It does not come as a shock to some that the U.S. Department of Justice handed down its harshest sentence in the Jan. 6 prosections to Henry “Enrique” Tarrio, the former Proud Boys leader charged for leading the 2021 violent and deadly attack on the U.S. Capitol.

Democratic strategist Ameshia Cross told theGrio it is not “surprising” that Tarrio, an Afro-Cuban, received the highest penalty out of all of the insurrectionists charged and sentenced for crimes committed on Jan. 6 in an effort to stop the certifying of votes in the 2020 election that declared Joe Biden the 46th president of the United States.

ORLANDO, FLORIDA – FEBRUARY 27: Enrique Tarrio, leader of the Proud Boys, stands outside of the Hyatt Regency where the Conservative Political Action Conference is being held on February 27, 2021 in Orlando, Florida. Begun in 1974, CPAC brings together conservative organizations, activists, and world leaders to discuss issues important to them. (Photo by Joe Raedle/Getty Images)

“It showcases that the American justice system works the way the American justice system always has – by penalizing people of color, Black and brown people, at much higher sentencing or sentencing guidelines than they do anyone else,” she said. “This is not something that’s new in this country.”

She added, “All that this shows is the truth behind the fact that justice does choose which color gets the lowest amount of sentencing if they get sentenced at all, and we’ve seen that with the Jan. 6 rioters and orchestrators.”

On Tuesday, Tarrio, 39, was sentenced to 22 years behind bars and 36 months of supervised release for seditious conspiracy and other charges related to the Jan. 6 attempted coup. 

In 2020, it became public knowledge that the Proud Boys were tied to former President Donald Trump when he called them by name and gave them a directive during a presidential debate to “stand back and stand by.”

Judge awards Black church $1 million after BLM banner burned by Proud Boys during protest

Tarrio answered Trump’s call, and although he was not at the U.S. Capitol on Jan. 6, he organized the attack from a hotel in Baltimore.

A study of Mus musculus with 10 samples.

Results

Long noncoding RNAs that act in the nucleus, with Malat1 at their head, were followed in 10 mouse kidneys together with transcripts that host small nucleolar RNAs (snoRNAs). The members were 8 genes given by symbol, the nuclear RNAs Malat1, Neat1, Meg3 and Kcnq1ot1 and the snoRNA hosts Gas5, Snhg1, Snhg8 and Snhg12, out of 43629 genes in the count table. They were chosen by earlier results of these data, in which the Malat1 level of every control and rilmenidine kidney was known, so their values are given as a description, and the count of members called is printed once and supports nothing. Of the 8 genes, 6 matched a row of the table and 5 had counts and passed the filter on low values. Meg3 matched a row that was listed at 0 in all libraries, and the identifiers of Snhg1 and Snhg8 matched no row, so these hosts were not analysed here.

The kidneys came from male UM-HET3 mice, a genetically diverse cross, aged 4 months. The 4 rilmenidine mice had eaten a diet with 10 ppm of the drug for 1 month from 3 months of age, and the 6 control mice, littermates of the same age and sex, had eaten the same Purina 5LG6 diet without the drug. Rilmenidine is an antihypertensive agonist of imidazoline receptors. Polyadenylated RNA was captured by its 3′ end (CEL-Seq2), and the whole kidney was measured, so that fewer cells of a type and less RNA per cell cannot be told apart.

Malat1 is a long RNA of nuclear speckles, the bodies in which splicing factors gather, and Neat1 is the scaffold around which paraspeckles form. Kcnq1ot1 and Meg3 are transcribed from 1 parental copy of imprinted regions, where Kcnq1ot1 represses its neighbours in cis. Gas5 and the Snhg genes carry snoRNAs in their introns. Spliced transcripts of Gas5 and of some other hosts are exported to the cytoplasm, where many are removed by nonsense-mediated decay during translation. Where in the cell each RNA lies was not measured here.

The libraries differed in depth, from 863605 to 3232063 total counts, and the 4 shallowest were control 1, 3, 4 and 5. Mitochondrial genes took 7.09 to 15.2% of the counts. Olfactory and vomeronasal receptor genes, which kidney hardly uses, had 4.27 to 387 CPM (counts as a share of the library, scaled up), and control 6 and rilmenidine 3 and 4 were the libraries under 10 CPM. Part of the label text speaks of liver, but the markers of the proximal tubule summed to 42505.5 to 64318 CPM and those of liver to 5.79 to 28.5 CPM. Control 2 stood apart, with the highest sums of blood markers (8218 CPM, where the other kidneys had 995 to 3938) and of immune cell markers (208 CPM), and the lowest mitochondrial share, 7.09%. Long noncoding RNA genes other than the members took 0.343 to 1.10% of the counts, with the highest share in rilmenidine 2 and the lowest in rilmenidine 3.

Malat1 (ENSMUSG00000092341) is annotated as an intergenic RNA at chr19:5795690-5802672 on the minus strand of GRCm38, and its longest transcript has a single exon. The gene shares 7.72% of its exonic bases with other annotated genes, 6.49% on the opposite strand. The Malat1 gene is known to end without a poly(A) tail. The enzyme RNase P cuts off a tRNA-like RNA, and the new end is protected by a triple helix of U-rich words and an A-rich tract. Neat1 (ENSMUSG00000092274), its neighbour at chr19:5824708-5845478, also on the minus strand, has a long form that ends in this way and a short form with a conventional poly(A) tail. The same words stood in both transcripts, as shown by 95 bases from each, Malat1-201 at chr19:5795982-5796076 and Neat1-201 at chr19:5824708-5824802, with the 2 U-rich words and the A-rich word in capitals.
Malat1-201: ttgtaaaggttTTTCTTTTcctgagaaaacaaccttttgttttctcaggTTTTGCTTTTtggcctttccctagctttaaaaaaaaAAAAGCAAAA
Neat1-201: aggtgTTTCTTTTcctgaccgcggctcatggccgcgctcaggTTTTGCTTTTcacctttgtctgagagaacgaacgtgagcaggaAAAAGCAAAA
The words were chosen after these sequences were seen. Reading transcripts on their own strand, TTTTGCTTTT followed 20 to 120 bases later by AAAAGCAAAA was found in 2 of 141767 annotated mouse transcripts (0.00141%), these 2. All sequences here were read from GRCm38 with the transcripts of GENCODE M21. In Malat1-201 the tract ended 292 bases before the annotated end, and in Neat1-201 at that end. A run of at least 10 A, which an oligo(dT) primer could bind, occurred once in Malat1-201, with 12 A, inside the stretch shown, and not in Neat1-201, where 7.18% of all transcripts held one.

Cross told theGrio that people of color like Tarrio follow Trump and join white supremacist organizations because “part of it is getting caught up in the moment,” calling it “somewhat groupthink.”

“To be a white supremacist, you don’t have to be white,” she asserted. You can believe and posture yourself outside of the group that you look exactly like…because you have distanced yourself far from them.”

Two days prior to the insurrection, Tarrio was arrested for setting a Black Lives Matter flag on fire outside a church in Washington, D.C. He was ordered out of the city, which subsequently precluded him from partaking in the U.S. Capitol attack.

FILE – Violent insurrectionists loyal to President Donald Trump stand outside the U.S. Capitol in Washington on Jan. 6, 2021. On Monday, Dec. 19, the House select committee investigating the Jan. 6 attack on the U.S. Capitol will hold its final meeting. (AP Photo/Jose Luis Magana, File)

During Tarrio’s trial, his legal team tried to convince the jury that he was a patriot who had simply lost his way and deserved a lesser sentence. However, those efforts fell on deaf ears.

Stephen Piggott, program director at Western States Center, which tracks the activity of anti-democracy and white nationalist groups, told theGrio that although justice must be served, sending members of the Proud Boys to jail will not solve America’s issue with white supremacy.

“A lot of the people that showed up on Jan. 6 were not members of a group,” said Piggott. “They weren’t members of Proud Boys. They weren’t members of Oath Keepers.”

He continued, “They were there because they either were looking at stuff online or they were compelled by the former president’s words to come to D.C.”

Ex-Proud Boys organizer gets 17 years in prison, second longest sentence in Jan. 6 Capitol riot case

Pigott told theGrio that the country is still seeing an uptick in white supremacy since Jan. 6, 2021. “We continue to see waves of violence directed toward people of color, [and] directed toward the LGBTQ community across the country,” he said.

Piggott added, “When you look at what’s going on the ground right now and the kind of white nationalist movement in the United States, I don’t think” that the DOJ’s efforts to hold domestic terrorists accountable “has really slowed down the activity of any of these groups or individuals.”